UK broadband customers pay £251MN more than they should | Infrastructure | News | Rapid TV News
By continuing to use this site you consent to the use of cookies on your device as described in our privacy policy unless you have disabled them. You can change your cookie settings at any time but parts of our site will not function correctly without them. [Close]
A survey of more than 17,000 UK broadband users by comparison and switching service, has found that almost a third of broadband customers whose deal ended in the last year say they never got an end-of-contract notification (ECN), costing on average £90 per household.
bt london 31Oct2020 2
ECNs were introduced by UK broadcast and communications regulator Ofcom on 15 February 2020 and require broadband firms, mobile operators and pay-TV providers to tell customers when their contract is ending, and what they could save by signing up to a better deal. Consumers whose contract is coming to an end should receive an ECN by letter, text or email between 10 and 40 days before their deal expires.

Of the five million broadband consumers who received an ECN, more than four million (88%) used the information to switch to a better deal in the last 12 months, either with their current provider or a competitor. About one in eight people (12%) did nothing. Yet more than eight million broadband bill-payers did not receive an ECN that they should have down leading to a total cost of £251 million a year more than should have been paid.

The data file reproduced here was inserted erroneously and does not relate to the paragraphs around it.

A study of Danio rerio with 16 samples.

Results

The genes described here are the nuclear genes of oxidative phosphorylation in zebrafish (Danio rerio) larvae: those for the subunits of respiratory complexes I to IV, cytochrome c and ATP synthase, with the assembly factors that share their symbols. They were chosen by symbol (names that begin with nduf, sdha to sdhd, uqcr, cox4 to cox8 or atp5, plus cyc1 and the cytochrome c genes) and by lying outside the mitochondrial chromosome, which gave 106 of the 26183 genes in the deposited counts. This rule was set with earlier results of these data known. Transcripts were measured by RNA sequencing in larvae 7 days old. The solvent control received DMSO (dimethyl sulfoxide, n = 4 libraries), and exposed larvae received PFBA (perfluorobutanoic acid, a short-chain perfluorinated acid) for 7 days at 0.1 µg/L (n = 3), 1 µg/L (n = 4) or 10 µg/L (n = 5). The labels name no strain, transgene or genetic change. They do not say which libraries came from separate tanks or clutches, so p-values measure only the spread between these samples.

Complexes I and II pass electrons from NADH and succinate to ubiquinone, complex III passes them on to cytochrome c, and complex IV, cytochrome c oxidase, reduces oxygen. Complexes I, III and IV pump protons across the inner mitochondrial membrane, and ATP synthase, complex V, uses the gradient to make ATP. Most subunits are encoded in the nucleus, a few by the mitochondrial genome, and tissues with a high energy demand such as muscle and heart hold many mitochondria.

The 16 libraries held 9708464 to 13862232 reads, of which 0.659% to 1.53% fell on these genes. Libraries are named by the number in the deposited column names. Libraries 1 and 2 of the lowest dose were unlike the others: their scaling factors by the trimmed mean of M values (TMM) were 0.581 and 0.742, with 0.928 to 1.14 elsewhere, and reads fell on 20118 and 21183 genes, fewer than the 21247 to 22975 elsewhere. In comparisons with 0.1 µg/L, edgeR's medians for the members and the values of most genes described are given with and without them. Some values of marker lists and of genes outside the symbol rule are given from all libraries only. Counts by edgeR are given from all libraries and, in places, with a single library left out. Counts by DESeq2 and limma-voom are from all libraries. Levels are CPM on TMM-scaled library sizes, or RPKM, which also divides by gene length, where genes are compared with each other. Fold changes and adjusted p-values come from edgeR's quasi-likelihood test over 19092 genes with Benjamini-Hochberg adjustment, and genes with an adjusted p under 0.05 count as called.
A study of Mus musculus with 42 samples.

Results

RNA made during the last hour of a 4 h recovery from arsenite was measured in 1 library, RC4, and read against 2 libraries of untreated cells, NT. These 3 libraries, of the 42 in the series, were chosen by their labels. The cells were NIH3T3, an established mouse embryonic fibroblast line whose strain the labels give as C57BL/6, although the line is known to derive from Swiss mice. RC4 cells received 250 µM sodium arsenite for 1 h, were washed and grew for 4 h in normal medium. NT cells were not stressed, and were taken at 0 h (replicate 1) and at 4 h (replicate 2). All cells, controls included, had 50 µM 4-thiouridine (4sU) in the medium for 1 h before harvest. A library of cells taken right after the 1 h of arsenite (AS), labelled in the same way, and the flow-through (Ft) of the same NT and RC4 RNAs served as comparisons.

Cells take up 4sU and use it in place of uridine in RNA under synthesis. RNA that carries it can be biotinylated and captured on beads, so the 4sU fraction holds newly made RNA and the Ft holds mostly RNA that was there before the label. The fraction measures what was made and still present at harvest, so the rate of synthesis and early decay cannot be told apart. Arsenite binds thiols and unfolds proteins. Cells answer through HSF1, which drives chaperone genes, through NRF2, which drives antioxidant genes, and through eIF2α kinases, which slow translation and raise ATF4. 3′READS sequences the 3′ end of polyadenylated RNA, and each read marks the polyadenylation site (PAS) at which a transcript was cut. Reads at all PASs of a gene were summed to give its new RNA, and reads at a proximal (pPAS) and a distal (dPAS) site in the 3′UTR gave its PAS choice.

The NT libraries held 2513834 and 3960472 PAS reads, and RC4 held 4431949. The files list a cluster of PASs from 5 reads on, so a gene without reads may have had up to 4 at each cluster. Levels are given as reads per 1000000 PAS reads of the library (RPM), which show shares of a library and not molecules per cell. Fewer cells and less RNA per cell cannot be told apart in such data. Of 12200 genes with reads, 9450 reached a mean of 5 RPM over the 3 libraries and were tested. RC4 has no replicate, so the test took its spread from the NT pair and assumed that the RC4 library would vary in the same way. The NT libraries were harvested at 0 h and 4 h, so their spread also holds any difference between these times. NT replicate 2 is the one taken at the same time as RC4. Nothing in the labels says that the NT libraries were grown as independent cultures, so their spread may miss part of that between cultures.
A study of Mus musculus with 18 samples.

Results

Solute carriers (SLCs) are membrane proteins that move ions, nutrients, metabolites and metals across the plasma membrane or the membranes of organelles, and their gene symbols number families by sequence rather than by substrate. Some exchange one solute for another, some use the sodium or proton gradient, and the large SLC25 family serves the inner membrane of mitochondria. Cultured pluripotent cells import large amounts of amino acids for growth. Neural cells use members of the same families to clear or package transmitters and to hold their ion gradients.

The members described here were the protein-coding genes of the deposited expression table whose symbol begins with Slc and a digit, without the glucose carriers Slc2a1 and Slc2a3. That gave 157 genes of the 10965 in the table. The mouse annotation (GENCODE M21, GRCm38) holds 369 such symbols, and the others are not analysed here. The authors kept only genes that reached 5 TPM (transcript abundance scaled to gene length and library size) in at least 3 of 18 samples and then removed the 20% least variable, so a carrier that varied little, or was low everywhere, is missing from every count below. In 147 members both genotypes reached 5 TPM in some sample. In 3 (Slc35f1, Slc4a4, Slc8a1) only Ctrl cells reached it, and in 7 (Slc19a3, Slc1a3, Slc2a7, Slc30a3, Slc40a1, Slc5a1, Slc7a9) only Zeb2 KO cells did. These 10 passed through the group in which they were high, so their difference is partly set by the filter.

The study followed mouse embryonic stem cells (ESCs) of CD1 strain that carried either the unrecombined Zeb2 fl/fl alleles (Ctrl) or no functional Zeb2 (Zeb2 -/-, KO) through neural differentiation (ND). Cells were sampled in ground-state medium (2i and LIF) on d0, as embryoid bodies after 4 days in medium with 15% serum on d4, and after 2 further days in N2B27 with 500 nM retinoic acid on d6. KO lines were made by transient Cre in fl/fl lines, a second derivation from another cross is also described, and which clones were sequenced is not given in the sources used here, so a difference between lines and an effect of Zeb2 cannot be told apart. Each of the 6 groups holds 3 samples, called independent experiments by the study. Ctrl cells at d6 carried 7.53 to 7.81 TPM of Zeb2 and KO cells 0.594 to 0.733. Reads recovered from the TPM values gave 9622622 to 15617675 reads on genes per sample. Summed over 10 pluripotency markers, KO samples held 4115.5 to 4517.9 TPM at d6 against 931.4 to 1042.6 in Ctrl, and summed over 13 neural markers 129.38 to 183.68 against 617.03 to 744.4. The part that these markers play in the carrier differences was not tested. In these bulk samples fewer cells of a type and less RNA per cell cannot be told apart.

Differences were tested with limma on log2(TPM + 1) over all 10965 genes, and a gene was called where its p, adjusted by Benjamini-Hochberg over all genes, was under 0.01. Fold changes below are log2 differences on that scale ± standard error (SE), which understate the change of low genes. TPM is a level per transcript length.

In a call to action, is calling on telecoms providers to be consistent in ensuring that ECNs and out of contract notifications engage all customers who qualify for one, and calls on Ofcom to crack down on any behaviour that attempts to dissuade consumers from reviewing whether they are on a good deal.

“Life is challenging at the moment and with people juggling so many responsibilities it’s important to make sure that consumers can access information about their household bills easily,” commented Richard Neudegg, head of regulation at “The fact that a third of consumers whose contract was due to end say they didn’t, or couldn’t recall, receiving an end-of-contract notification should ring alarm bells. More must be done to build on the success of these notifications so that all customers have a fair chance of engaging when their contract comes to an end.”